Thou who changest not, abide with me

Fr Jason Murphy's reflection will strike a chord with those who find strength in times of darkness...

I remember Sunday nights with particular clarity when as a first year student in Maynooth we gathered in the choir stalls of Junior Oratory at the end of the day, for Night Prayer. We had feasted for the hour or so previous on freshly baked brown bread still warm to the touch that had been brought back by a student from the high hills of Laragh, up where the air is clear, in that end of the parish known as Carraig Aileann.

We listened carefully each Sunday evening for the purr of the engine, as he returned from a McKenna Cup match or a first round intercounty league match in the depths of January. We waited for his mother’s car to pull up beneath the high archway that led into the most beautiful quadrangle that was St Joseph’s square. The smell of the brown bread would waft down the Long Corridor upon which we lived. Tea was made for the many who gathered in, creamed with milk that came straight from the parlour at the back of his house in Edrans. It was comforting and warm, a taste of home for that hour or so on a Sunday night.

Leaving behind the dirty cups and the crumb strewn table, we ran down the stairs into the oratory to take our places amongst the hundred or so first and second year students, each with his own place along the stalls.

The psalms were incanted as, to and fro, we recited the by now familiar lines of the breviary, looking across the wide expanse of the aisle that lay between us and the students opposite.

The dean kept a watchful eye from below at the door of the oratory for any student who was swaying too much from side to side as he walked up the aisle or was out of sync, in reciting the prayers, with the lads who sat in prayerful pose each side of him. For Sunday was a day when one might be tempted to catch the 66 bus as far as the ‘Hitching Post’, a hostelry that played soccer games on a big screen in the lounge bar.

At the end of the prayers, before we departed into the night of solemn silence, a hymn of the cantor’s choice was sung by the whole of the assembled community, varying from ‘The day thou gavest Lord has ended’ to ‘Lead kindly light’ or the great ‘Salve Regina’. But the favourite hymn of those gathered on a Sunday night when many of the voices had been well tuned after an outing on the 66 bus was most definitely ‘Abide with me’. It was much loved by the deep baritones and bases, some of whom stood in the stalls opposite, one a Tuam student who sat day on day beside the Laragh man in the midst of prayer. For him this hymn spoke volumes as around the walls of our tightly-knit community so full of enthusiasm for the lives of ministry that lay before us, the storms of change whirled. The headlines told forth of the dalliance of Bishop Casey and the scandals more serious of abuse that ensued. It seemed that the Church to which we had tentatively given these years of youthful fervour was crumbling before our very eyes; a church which was part of our DNA growing up in parishes all across the country.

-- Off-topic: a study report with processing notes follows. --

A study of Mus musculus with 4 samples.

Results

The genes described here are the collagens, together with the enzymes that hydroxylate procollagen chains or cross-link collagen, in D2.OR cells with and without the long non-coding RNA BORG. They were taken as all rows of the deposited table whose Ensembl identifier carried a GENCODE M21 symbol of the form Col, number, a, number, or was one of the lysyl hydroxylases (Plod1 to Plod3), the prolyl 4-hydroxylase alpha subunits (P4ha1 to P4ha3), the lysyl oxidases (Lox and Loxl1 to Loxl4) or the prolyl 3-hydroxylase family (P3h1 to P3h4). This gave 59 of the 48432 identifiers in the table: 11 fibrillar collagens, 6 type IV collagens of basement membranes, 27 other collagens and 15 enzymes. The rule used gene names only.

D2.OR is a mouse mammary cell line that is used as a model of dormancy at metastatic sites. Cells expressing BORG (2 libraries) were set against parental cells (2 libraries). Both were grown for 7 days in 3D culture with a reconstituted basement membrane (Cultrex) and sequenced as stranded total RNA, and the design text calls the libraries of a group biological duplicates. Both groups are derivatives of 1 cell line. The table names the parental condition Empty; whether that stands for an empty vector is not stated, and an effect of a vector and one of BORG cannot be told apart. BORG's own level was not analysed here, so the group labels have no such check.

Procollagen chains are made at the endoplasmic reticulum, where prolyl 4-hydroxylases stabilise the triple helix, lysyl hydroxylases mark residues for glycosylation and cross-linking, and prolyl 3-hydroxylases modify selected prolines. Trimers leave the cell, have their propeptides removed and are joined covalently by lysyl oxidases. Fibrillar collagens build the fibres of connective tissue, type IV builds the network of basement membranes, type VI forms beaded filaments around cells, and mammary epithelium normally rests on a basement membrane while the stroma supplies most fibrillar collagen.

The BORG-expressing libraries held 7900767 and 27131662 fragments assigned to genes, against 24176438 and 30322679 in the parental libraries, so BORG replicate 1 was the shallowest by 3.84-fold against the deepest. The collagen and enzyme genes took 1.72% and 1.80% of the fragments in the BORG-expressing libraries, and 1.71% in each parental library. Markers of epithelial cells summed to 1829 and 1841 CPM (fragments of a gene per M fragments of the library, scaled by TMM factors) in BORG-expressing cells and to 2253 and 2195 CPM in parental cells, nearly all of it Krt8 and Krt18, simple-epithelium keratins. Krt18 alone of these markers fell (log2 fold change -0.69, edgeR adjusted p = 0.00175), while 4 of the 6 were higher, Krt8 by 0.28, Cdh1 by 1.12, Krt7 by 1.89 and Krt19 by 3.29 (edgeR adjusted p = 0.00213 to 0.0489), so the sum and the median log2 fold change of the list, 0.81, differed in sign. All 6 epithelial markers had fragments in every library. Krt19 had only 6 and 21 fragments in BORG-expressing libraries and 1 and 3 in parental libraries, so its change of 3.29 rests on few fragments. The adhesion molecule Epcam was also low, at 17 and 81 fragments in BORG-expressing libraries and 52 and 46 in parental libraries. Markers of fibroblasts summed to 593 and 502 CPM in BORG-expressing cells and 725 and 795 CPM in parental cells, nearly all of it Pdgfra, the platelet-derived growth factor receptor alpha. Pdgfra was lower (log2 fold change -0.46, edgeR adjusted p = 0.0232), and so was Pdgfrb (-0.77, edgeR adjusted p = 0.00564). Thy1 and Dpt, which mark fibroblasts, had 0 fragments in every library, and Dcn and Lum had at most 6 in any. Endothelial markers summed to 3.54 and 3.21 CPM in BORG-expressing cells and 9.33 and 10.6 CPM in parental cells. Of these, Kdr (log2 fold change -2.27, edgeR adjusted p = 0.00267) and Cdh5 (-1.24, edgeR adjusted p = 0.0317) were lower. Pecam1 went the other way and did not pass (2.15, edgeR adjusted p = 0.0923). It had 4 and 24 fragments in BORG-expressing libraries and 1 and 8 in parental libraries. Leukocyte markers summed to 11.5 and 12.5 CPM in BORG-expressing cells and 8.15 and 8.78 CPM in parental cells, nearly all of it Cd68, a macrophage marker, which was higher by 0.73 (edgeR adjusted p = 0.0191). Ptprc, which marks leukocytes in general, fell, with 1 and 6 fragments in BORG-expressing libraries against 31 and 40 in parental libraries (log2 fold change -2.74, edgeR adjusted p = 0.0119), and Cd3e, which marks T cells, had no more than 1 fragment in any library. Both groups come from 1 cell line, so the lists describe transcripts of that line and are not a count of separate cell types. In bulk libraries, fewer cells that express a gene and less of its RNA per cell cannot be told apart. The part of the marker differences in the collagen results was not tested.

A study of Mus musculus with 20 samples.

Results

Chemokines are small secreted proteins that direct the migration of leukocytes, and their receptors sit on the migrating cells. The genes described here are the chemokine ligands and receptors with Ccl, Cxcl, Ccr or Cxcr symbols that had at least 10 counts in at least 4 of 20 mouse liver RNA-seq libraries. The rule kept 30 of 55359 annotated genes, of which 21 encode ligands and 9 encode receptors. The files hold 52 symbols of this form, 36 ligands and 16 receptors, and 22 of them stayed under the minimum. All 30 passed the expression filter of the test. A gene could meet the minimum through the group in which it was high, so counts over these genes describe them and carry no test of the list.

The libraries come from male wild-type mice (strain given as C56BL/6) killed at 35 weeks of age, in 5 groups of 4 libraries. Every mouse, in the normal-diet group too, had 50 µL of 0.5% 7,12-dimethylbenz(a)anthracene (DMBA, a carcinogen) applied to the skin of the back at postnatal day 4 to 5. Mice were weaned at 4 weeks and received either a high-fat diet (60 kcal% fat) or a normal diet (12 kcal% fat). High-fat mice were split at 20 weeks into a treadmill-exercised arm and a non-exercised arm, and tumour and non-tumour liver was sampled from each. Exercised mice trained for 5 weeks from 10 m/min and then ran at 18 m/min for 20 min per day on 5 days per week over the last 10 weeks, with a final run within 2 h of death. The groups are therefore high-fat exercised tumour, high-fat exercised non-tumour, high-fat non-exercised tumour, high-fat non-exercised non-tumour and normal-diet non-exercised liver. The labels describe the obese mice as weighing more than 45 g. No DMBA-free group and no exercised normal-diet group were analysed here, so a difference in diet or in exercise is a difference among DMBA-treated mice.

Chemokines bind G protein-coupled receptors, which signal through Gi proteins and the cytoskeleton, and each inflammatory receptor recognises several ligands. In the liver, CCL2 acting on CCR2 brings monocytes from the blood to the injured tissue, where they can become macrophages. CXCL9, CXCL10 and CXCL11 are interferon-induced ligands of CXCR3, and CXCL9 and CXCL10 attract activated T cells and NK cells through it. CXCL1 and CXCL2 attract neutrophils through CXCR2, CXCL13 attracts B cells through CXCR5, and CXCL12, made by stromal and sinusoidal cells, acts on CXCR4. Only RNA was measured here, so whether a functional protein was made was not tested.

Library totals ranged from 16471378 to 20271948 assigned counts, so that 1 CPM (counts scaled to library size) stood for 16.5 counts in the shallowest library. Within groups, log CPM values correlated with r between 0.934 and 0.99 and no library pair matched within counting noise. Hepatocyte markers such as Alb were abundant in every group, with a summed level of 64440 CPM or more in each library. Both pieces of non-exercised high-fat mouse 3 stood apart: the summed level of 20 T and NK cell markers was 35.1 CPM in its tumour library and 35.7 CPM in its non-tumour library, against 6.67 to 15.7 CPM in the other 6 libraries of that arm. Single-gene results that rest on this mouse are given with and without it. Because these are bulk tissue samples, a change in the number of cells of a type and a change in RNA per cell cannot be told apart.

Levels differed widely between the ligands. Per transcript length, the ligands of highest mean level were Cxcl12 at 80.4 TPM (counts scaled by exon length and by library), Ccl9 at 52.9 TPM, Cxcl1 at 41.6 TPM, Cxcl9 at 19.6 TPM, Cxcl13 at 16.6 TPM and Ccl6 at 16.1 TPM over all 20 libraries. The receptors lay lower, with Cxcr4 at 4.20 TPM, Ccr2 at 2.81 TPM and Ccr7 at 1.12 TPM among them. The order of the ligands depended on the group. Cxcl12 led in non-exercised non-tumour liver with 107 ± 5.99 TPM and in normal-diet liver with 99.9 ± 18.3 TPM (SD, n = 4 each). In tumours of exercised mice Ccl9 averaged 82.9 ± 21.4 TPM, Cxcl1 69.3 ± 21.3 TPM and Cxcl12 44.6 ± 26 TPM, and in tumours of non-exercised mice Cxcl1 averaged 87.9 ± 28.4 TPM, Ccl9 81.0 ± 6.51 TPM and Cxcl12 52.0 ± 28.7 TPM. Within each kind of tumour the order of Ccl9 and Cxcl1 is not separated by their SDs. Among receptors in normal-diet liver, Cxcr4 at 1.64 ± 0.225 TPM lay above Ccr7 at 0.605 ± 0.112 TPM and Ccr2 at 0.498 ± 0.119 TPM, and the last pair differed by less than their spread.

‘Change and decay in all around I see’, the penultimate line of the hymn, reminded him of the road that lay ahead as we set foot unto a path devoid of the certainties others once knew. But that which we had forgotten in the whirlwind of change was that God was there in the midst of this turmoil and so it was that the line of the hymn, which became our sustaining prayer, was that which we departed on into the solemn silence, reverberating in our minds, ‘oh thou who changest not... abide with me’ and so it was that God who is and was and will be, remained steadfast throughout it all.

These days as we listen to news headlines of murder and violence perpetrated against the innocent and we watch on as the bonds of respect and decency, which once bound us tightly together in community, seem to dissipate, we cannot help but think that that which we have known is slowly passing away, the touchstone of certainty we once knew.

In these January days as the light is low and the days are short and the trees stand forlorn, when the warmth of spring has not yet called forth the early blooms, let this be our prayer, oh thou who changest not, abide with me.